This Date in UCSF History: Cloning Questions
Originally published in Synapse - The UCSF student newspaper on May 11, 1978. Immortality, Mankind’s oldest dream, that of conquering death itself to secure a place in the eternity of time. In his widely-publicized book, In His Image: The Cloning of a Man, author David Rorvik claims to have witnessed the dawn of the Age of Immortality.
Researchers at UCSF, however, strongly doubt Rorvik’s bold claim. Dr. Herbert Boyer, professor of biochemistry here and pioneer of recombinant DNA technology, flatly labels the book “a lot of bull, a complete hoax.”
The authoritative journal, Science, in a skeptical commentary on the book last month, attacked Rorvik’s scientific credentials and motivations, noting that he has no formal scientific training and stands to make hundreds of thousands of dollars from the “ploy.”
Surveying prominent scientists around the country, Science concluded with an editorial chuckle; “almost no one seriously thinks that experimentation in human cloning is taking place in this country.”
Why the denial?
Rorvik says that the denial of human cloning by the scientific community was to be expected. Scientists engaged in controversial research are uniformly fearful of increased public scrutiny of their experimental work, Rorvik argues, since it would entail even greater bureaucratic checks on their research freedom.
The nation’s scientists are purposely telling the public that cloning will not be possible for at least 25 years, and that the uproar over cloning is premature and unfounded, in order to protect themselves, according to Rorvik.
Although scientists such as Dr. Boyer’s claim that “the scientific community examines and continues to examine these issues openly,” other concerned researchers are not satisfied.
A public interest group and three scientists on the East Coast have filed suit in federal court to expedite a Freedom of Information Act request.
They are asking the National Institutes of Health, the National Science Foundation, the Departments of Agriculture and Defense, and the Central Intelligence Agency to disclose all information about grants involving cloning (in any species), test-tube fertilization of human eggs, genetic screening, and recombinant DNA technology.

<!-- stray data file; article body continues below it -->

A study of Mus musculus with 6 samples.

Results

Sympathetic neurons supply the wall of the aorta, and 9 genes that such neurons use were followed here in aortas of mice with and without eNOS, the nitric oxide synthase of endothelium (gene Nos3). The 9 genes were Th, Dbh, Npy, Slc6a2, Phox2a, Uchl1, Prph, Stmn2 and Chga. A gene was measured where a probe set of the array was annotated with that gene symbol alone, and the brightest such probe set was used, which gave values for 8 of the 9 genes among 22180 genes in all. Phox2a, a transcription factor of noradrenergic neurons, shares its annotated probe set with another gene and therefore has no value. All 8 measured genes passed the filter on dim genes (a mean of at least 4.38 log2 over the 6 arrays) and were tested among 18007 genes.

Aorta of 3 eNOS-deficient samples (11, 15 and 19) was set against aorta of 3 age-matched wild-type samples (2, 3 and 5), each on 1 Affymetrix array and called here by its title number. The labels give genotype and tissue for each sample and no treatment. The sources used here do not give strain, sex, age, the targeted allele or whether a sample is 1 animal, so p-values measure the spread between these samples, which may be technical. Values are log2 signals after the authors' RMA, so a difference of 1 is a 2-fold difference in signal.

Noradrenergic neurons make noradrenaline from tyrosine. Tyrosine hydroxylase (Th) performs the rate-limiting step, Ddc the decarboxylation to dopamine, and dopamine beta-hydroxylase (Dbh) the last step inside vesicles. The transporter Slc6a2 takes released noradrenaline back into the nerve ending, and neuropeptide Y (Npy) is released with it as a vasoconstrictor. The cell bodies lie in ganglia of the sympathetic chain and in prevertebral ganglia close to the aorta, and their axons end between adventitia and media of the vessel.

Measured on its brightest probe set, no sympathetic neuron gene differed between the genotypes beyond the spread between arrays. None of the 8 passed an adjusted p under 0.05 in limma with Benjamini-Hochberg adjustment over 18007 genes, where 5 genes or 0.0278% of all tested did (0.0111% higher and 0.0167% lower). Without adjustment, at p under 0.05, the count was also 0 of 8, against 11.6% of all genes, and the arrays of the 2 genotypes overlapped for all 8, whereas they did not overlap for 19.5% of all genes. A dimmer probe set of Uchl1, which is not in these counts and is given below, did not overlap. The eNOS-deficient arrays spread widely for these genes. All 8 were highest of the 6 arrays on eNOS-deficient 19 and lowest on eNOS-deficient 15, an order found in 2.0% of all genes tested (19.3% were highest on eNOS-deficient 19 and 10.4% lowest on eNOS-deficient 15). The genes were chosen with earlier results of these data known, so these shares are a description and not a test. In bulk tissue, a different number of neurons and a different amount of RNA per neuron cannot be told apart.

The suit filers are not suggesting that the Rorvik book is true, but rather that we are so close to the realization of cloning that a public debate must begin immediately.
Other scientists are content to dismiss the book on the grounds of its factual inaccuracies. Dr. Roger Peterson, a researcher in the radiobiology laboratory at UCSF, is thoroughly familiar with the scientific literature on nuclear transfer, from which Rorvik’s scenario is extrapolated.
Rorvik inaccurately ascribes important work in the field to the wrong researcher, according to Peterson, and misinterprets other key experiments to build his case for cloning.
“It is unrealistic to expect that the differentiated cell of an adult man or woman could be successfully used for cloning,” Peterson states.
And this is precisely what Rorvik maintains was done successfully by a group of scientists, working secretly, and lavishly funded by an eccentric West Coast millionaire named Max.
Researchers who doubt Rorvik base their skepticism on the sheer magnitude of the biological obstacles to be overcome if a clone is to be produced.
At this point, most successful cloning occurs when an immature, not fully differentiated frog cell nucleus is implanted in an enucleated frog cell.
The claim that an adult nucleus has been used successfully to clone an adult frog is widely disputed by reputable scientists.
Rorvik’s postulation that such a procedure has been done successfully in humans requires a considerable stretch of the imagination, according to the researchers.
Asked when a human clone could be expected to be “born” at UCSF, Peterson answered “that question is more difficult than ‘how soon can we cure cancer?’ The real question should be ‘is the nucleus of an adult human biologically capable of reverting to a state where it could support a human embryo within the time limit of days?’”
Whether In His Imageis fact or fiction is beside the point, in the view of many concerned scientists and sectors of the public.
The clamor for consumer participation in supposedly technical governmental regulatory actions has spilled over into the field of gene technology, and Rorvik’s book seems designed to stoke the fires of public discontent around such issues.
Congressman Paul G. Rogers of Florida feels that there should be an open Congressional hearing to lay the issues before the public.
UC Berkeley scientist Paul Segall believes that Rorvik is telling the truth and adds that cloning will make possible human life extension for this generation, with implications for space colonization also.
It its commentary, Science magazine adds as an afterthought: “Rorvik may see his book as some kind of political statement.”
This much, of course, was clear from the beginning. Both those who believe and those who disparage David Rorvik’s thesis agree on one thing.
Cloning will be here sooner or later, and it will surely provoke some profound navel-gazing about who we are as a human race and what we value about life itself.